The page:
Industry: Manufacturing – (Plumbing Supplies)
No. Of employees: Undisclosed
Overview of the Company:
BEC Local Manufacturing is a manufacturing company that supplies specialist fixings to the plumbing industry. Their customers include a major buying group and a number of builder’s merchants.
Steve, the managing director, started the business in his garage 11 years ago and grew it to a £1.5m turnover through retained earnings. His accountant was constantly concerned at the level of capital expenditure required to meet demand.
Why they needed finance:
Managing director Steve had a goal to capitalize on the existing customer base and high demand for his product, to leave him in a position to retire or sell the business within 5 years.
Steve reasoned that at £5k for a new machine and with a gross margin of 80%, on his fixings, he could recover this expenditure in a month and get a 5% growth in turnover. In practice, demand for the product by the existing customer base actually suggested that 50% growth was easily achievable.
A major plumbing supplier then approached Steve to supply £35k per month of fixings, but with the stipulation that BEC Local extended their end-of-month terms to 60 days.
Although the pricing meant that margins on the business were currently 60%, Steve had a dilemma. He could turn away this business and rely on potential growth from his existing customer base which pays on average in 45 days, or take on this new customer at a lower margin.
His accountant advised that he could not finance all the business on the business’s overdraft and that he should avoid increasing capacity, which would come with additional capital equipment. Steve’s accountant had always counselled against too rapid growth, having seen many businesses fail through ambitious overtrading.
Steve did some research. Loathed to turn away any business, he wanted to be in a position to retire in 5 years and knew his product was in demand now, so was tempted to look into alternative methods of finance compared to more traditional bank loans and overdrafts.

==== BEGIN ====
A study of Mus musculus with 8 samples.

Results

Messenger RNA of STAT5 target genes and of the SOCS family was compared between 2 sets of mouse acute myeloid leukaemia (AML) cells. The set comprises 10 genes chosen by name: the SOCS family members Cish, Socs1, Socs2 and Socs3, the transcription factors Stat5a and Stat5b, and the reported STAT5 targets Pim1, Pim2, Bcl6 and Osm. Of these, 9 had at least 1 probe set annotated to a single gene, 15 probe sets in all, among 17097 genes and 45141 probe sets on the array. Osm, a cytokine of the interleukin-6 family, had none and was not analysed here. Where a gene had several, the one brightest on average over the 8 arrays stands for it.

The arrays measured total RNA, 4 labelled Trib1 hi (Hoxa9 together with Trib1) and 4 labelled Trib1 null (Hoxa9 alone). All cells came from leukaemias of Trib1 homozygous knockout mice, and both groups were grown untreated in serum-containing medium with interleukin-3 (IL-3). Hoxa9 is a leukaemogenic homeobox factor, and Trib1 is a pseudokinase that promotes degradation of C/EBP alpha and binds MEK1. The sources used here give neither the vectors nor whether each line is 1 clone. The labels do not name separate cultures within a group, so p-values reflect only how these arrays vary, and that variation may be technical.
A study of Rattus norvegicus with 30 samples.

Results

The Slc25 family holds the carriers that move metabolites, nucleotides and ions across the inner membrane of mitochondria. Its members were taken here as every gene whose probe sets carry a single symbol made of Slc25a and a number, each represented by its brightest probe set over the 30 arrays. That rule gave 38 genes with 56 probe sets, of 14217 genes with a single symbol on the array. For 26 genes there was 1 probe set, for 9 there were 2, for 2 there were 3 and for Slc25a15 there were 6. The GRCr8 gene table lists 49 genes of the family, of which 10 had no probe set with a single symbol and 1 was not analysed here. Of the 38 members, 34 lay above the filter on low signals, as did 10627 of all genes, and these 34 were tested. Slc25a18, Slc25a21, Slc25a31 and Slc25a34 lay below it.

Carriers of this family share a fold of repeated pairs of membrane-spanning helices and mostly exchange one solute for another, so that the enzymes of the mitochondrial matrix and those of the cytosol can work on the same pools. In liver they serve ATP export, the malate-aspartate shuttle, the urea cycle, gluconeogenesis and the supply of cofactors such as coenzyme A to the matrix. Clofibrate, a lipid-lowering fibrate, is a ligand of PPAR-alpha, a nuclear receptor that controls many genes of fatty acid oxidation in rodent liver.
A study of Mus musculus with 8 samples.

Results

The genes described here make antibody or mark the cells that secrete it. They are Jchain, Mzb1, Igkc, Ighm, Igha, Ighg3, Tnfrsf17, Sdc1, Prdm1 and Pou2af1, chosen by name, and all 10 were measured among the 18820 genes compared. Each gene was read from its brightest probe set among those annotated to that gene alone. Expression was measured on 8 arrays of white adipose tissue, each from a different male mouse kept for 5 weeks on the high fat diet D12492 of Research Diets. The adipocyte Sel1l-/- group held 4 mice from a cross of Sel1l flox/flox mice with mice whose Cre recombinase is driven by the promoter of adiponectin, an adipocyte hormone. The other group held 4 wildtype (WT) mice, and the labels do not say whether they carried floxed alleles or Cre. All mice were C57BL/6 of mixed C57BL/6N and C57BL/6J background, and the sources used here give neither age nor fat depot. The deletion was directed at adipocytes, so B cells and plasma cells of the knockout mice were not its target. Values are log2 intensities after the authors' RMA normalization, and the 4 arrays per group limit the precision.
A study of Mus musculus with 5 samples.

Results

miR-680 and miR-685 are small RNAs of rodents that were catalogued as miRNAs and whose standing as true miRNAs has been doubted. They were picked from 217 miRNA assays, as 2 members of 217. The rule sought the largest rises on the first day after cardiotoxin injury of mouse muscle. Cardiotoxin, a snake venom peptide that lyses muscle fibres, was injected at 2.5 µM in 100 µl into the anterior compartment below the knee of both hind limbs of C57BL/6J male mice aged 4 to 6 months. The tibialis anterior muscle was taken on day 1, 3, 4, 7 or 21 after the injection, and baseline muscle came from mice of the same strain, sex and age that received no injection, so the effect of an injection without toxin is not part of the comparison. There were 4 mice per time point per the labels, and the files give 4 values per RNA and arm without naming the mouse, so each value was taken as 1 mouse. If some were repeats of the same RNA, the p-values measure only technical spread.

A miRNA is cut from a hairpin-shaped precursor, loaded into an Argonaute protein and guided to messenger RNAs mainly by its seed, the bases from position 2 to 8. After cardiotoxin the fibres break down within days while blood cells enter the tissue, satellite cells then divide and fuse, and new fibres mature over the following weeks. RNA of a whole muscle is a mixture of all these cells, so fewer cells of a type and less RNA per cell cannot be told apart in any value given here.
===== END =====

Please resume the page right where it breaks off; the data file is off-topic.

How invoice finance helped their business:
A friend of Steve’s then suggested Invoice Factoring as a solution and Steve decided to contact his friend’s factoring company. However, when Steve visited the website of Touch Financial he was surprised to find indicative quotes from a range of providers that suggested much lower pricing than that of his friend’s factoring company.
He phoned the number on the Invoice Finance site to speak to an advisor, who were able to set up a meeting for him with a lender from their panel. The lender representative met with Steve and his accountant to discuss both the opportunity for growth and the available options for funding. At the conclusion of the meeting Steve was quoted for invoice discounting at 0.5% of turnover and 1.5% over base for a facility providing 85% funding with a limit of £500k.
A year later, the business achieved a turnover of £2.7m and achieved net profits of £957k. Three months after the year end, Steve received an offer of £4.2m for the sale of his company from the plumbing supplies multiple, which he is considering.
Feedback on Touch Financial’s service:
When speaking to Touch Financial’s advisors, they quickly understood his needs and advised him on the most appropriate provider to meet his requirements. Steve was comfortable to accept the advice and within a couple of hours had made an appointment with a representative of the invoice discounter for just a week later.